Despite abandoned barite deposit in Nigeria, the country still spends about $29.9 million to import 13,000 tonnes of the mineral resources annually to meet the consumption gap, a document from the Raw Materials Research and Development Council, has shown.
Barite is the primary ore of barium, extracted to make a wide variety of barium compounds. Some of these are used for x-ray shielding. It is used to make high-density concrete to block x-ray emissions in hospitals, power plants, and laboratories.
It has high application in the oil and gas industry.
A document obtained from the Council shows that Nigeria has a reserve estimate of 21,123,919 MT of barite with Nasarawa, Plateau, Taraba, Adamawa, Benue, Plateau, Cross River, Ebonyi and Gombe states having the major deposits.
But despite this abundant barite deposit, the country produces only 10,000 tonnes and consumes 23,000 tonnes, leaving a deficit of approximately 13,000 tonnes.
"As a result, Nigeria has had to rely on imported barite from China, the Netherlands, Morocco, Egypt and India. Available statistics indicated that Nigeria imports 13,000 tonnes annually and with a tonne, costing $230, this amounts to an annual expenditure of $29.9 million for barite importation," the document indicated.
Reasons Nigeria is not doing well in barite production
The Director-General of the Raw Materials Research and Development Council, Professor Ibrahim Doko Hussaini, said the major challenge militating against barite production in Nigeria is underdevelopment of the mining sector. This, according to him, made the sector to contribute only a meagre 0.3% to national GDP and the country to constantly depend on minerals importation from other countries.
"Barite is among the 34 minerals deposits identified in Nigeria. All ownership rights of mineral resources belongs to the federal government and it reserves the power to grant permission to registered mining companies to explore, mine and sell mineral resources.
"The challenge which generally affects the mining of various mineral resources also affects the mining and beneficiation of barite in Nigeria. Some of the challenges the mining sector is facing is lack of investment in barite mining," he said.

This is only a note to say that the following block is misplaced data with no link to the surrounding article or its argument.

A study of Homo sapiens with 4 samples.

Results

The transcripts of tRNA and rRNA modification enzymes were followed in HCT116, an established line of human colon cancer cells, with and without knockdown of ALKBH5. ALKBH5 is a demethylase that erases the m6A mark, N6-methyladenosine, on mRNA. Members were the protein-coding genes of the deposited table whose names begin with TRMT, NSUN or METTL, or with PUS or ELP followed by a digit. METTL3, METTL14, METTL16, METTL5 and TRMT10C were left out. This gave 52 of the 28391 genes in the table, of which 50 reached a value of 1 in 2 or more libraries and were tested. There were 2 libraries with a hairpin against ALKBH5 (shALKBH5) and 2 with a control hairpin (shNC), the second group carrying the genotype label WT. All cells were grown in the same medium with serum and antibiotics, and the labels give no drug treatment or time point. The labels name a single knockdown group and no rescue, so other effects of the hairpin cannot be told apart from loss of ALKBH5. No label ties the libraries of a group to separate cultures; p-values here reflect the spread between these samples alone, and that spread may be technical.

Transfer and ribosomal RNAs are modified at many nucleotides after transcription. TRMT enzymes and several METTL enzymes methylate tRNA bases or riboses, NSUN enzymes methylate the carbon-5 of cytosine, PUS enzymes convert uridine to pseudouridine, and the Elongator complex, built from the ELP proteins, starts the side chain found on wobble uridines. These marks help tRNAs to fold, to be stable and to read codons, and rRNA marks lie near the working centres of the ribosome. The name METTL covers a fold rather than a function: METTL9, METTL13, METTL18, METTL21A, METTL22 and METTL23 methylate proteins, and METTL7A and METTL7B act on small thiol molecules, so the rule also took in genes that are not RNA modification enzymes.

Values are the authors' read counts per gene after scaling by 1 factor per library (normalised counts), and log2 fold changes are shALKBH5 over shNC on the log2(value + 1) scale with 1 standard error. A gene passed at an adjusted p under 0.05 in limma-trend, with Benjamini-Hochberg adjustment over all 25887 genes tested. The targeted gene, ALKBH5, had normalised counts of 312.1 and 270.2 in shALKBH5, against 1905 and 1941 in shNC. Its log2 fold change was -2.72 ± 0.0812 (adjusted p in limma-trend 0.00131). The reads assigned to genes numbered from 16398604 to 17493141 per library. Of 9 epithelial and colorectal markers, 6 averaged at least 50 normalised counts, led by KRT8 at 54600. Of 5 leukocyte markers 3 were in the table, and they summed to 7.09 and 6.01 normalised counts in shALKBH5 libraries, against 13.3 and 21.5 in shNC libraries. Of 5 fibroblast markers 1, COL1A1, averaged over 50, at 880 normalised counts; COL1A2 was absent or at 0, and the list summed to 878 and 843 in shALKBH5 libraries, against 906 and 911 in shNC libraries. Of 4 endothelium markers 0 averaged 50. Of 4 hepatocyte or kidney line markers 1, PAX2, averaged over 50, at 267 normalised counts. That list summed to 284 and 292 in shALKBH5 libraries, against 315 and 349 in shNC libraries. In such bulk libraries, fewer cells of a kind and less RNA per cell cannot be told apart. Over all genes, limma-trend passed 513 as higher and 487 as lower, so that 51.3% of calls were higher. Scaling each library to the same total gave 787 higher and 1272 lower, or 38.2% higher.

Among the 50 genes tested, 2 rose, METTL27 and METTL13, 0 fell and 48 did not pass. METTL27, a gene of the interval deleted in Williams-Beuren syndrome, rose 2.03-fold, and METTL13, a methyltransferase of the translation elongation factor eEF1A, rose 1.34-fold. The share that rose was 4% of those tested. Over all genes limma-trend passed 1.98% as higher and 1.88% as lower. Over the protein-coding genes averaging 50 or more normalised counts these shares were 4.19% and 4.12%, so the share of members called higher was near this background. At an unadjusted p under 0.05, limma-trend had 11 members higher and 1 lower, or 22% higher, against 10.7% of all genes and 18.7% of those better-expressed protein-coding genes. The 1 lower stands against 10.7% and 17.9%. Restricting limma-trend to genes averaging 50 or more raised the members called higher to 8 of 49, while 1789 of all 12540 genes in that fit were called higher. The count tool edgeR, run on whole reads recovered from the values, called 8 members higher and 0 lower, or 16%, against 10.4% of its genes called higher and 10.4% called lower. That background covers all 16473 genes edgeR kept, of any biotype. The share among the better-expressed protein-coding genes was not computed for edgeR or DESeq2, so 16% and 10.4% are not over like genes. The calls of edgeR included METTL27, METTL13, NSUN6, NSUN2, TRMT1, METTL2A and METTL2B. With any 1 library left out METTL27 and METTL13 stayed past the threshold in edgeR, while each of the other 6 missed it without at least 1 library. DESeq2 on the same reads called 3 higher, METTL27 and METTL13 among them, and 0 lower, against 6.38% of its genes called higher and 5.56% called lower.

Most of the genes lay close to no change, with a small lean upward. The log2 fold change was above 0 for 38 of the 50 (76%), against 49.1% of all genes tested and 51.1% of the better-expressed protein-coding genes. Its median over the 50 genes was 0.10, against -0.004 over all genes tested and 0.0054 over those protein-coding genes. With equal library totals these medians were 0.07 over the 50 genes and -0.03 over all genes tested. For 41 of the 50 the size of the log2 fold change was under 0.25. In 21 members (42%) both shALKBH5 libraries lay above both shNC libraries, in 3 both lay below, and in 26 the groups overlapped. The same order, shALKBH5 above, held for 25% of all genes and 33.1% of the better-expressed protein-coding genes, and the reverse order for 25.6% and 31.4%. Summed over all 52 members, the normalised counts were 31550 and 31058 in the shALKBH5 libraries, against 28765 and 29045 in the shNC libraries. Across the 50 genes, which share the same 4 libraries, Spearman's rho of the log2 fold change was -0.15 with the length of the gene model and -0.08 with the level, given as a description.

Why Nigeria should invest in barite production.
With more action on barite production in Nigeria, the country can save about $29.9 million being spent on barite importation annually.
According to Professor Hussaini, in view of high application in the oil and gas industry, the global barite market size was USD 1.55 billion in 2019. This, he added, was expected to increase at a compound annual growth rate (CAGR) of 3.8% from 2020 to 2027. From 2016 to 2019, the consumption of barite spiked sharply in the United States by more than 80% owing to a significant increase in rig counts, particularly for offshore drilling, in most of the leading oil and gas-producing states. This shows a huge market for barite which the country can tap from.
Nigeria's efforts to encourage barite production
To obviate the problems associated with mining and beneficiation of barite in Nigeria, successive governments at the federal level have been making efforts towards improving the performance of the barite subsector. For instance, the Nigeria Content Act of 2010 campaigned for increase of local content in Nigeria's oil and gas industry. The Act stipulates that 60% of barite utilisation in the country should be sourced locally.
The Raw Material Research Development Council over the years has put in place plans and strategies to boost local production of barite in Nigeria in order to stem import dependency. The Council has characterized samples of barites from most of the deposits in the country. Also the Council is working on promoting the beneficiation of low grade barite by using techniques such as gravity separation, floatation and magnetic separation techniques in collaboration with reputable equipment fabricators in the country. This is to promote upgrading of the low grade barite to meet up with the API requirement for oil and gas drilling.
In addition, the Council is in collaboration with stakeholders in the petroleum sector including the Petroleum Development Trust Fund (PDTF) and the University of Ibadan for the development of Barite as drilling mud weighing agent. The project is looking at the impact of Nigerian Barite and Ilmenite on enhancing the drilling mud weight in Oil and Gas industry.
In an attempt to address identified gaps in barite demand and supply, the Council convened a stakeholders meeting to work out modalities on increasing barite mining and to further upgrade the quality of barites produced locally. At the meeting, the stakeholders noticed the need for government agencies to synergise and find solution to the challenges in the sector.
In addition to the above, the Council is establishing a minerals testing and certification centre at the African University of Science and Technology, Abuja. Miners can now be able to know the grade of their minerals before putting them in the market. This will enable them to charge appropriate prices for their commodities.